An Analysis of Financial Well-Being Among Undergraduate Students at The University of Texas at Austin


Authors

Karkala, Sneha


The importance of developing positive financial behaviors early in life is being demonstrated every day as the economic fallout surrounding the ongoing COVID-19 pandemic heightens. Though a personal finance education does not solve for lack of income and systemic economic inequality, it does inform individuals on healthy spending and saving habits to help them weather through periods of economic duress. This thesis explores the importance of developing financial well-being among college students, specifically, undergraduate students of the University of Texas at Austin.

Recent college graduates are facing significantly different financial circumstances than previous generations. These circumstances have been shaped in large part by the rising cost of attending college and the associated student loan crisis. In 2019, total student loan debt in the United States passed $1.6 trillion and is expected to reach $2 trillion in the next two years. In addition to growing debt, graduates of the class of 2020 are also facing weary job prospects as employment opportunities dwindle amid the current pandemic.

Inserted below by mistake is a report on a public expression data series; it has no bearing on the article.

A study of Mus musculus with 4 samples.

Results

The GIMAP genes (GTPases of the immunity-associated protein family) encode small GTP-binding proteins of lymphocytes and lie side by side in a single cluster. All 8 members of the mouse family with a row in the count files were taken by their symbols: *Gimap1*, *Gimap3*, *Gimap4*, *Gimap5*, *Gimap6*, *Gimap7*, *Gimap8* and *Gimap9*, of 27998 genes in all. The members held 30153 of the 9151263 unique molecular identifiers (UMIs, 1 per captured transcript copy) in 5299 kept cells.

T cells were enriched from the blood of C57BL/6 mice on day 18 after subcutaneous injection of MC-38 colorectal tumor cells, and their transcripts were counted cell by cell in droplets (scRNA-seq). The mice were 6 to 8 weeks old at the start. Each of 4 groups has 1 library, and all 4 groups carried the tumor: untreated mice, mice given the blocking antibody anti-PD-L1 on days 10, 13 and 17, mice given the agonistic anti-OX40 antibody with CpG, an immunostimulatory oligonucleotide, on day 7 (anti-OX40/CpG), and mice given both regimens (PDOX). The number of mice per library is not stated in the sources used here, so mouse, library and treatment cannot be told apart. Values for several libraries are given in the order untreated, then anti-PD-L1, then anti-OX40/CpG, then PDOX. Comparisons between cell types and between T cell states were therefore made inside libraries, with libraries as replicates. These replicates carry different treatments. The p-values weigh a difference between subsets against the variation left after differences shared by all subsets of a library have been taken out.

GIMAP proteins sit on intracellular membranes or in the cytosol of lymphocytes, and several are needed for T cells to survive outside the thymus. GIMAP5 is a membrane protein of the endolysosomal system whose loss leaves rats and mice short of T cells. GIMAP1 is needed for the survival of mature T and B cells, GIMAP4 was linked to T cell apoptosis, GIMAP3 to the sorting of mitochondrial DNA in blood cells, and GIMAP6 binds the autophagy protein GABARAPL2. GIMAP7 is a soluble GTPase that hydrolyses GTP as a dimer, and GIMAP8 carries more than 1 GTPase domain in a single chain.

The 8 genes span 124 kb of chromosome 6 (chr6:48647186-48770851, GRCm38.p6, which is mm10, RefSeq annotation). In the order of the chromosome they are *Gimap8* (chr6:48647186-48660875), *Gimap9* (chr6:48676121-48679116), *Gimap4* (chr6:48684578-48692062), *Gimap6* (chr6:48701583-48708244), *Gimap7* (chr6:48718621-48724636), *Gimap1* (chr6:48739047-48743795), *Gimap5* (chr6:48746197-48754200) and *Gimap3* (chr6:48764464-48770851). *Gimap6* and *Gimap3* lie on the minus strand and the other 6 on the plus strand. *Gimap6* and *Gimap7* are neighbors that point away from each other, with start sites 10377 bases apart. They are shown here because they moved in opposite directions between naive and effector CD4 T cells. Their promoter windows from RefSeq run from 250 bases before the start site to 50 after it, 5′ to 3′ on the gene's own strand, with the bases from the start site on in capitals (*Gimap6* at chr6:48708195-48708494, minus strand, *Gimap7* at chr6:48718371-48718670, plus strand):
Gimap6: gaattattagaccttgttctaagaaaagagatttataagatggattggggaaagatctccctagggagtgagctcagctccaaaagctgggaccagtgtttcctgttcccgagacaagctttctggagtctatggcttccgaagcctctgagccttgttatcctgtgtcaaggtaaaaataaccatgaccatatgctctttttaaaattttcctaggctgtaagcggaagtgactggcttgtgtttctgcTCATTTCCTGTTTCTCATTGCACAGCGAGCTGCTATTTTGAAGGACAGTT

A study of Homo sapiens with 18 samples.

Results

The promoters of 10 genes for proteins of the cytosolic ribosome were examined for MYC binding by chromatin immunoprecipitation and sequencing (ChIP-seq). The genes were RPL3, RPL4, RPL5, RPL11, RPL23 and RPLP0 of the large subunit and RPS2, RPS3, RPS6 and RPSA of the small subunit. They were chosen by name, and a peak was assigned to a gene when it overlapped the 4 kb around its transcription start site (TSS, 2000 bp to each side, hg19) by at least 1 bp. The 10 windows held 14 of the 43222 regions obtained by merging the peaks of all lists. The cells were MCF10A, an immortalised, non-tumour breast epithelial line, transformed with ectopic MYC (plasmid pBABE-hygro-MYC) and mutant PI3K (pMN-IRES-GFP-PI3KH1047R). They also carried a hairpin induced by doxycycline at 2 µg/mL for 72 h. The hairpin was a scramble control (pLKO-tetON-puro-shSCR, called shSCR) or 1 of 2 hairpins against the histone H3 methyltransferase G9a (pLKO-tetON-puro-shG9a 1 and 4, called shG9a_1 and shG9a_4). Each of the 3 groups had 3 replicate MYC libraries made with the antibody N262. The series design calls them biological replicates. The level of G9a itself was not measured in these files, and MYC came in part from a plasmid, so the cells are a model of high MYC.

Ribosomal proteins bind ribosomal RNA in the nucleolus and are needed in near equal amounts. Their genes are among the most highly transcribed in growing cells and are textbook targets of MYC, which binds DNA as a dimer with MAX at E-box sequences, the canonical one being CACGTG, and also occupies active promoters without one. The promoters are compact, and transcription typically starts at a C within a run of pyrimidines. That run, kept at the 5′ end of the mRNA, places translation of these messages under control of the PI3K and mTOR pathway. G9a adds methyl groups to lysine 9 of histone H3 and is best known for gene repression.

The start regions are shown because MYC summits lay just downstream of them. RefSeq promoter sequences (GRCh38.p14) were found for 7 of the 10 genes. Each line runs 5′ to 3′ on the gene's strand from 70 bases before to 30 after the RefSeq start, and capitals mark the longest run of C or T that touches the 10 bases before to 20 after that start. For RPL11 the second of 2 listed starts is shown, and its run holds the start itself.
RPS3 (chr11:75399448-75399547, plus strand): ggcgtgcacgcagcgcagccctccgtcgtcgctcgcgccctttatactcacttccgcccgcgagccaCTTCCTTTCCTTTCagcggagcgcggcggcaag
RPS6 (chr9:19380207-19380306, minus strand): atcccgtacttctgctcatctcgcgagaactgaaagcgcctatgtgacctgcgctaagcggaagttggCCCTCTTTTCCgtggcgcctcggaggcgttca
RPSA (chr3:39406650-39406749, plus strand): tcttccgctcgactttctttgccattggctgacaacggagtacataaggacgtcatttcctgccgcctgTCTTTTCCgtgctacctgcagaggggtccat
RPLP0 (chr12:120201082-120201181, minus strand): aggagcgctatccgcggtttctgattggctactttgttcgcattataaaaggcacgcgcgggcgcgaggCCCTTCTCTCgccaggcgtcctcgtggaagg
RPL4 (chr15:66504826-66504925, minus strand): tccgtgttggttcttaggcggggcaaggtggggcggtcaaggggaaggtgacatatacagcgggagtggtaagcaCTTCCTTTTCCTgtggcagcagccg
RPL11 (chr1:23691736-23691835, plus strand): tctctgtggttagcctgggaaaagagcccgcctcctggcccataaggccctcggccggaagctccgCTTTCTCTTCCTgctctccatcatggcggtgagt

To determine the state of financial well-being among UT-Austin undergraduates I conducted a study regarding students’ financial literacy and behaviors. Based on the study’s results, I outline the need for comprehensive personal finance initiatives and offer recommendations on how UT-Austin can improve the financial well-being of students. First, I address the importance of financial well-being and insights from the current economic climate. Next, I explain the current state of consumer financial well-being in the U.S. before diving into the results of my UT-Austin study. Then, I examine existing personal finance education initiatives from several organizations before finally proposing a plan for how UT-Austin can develop its own student financial well-being initiatives based existing models of success.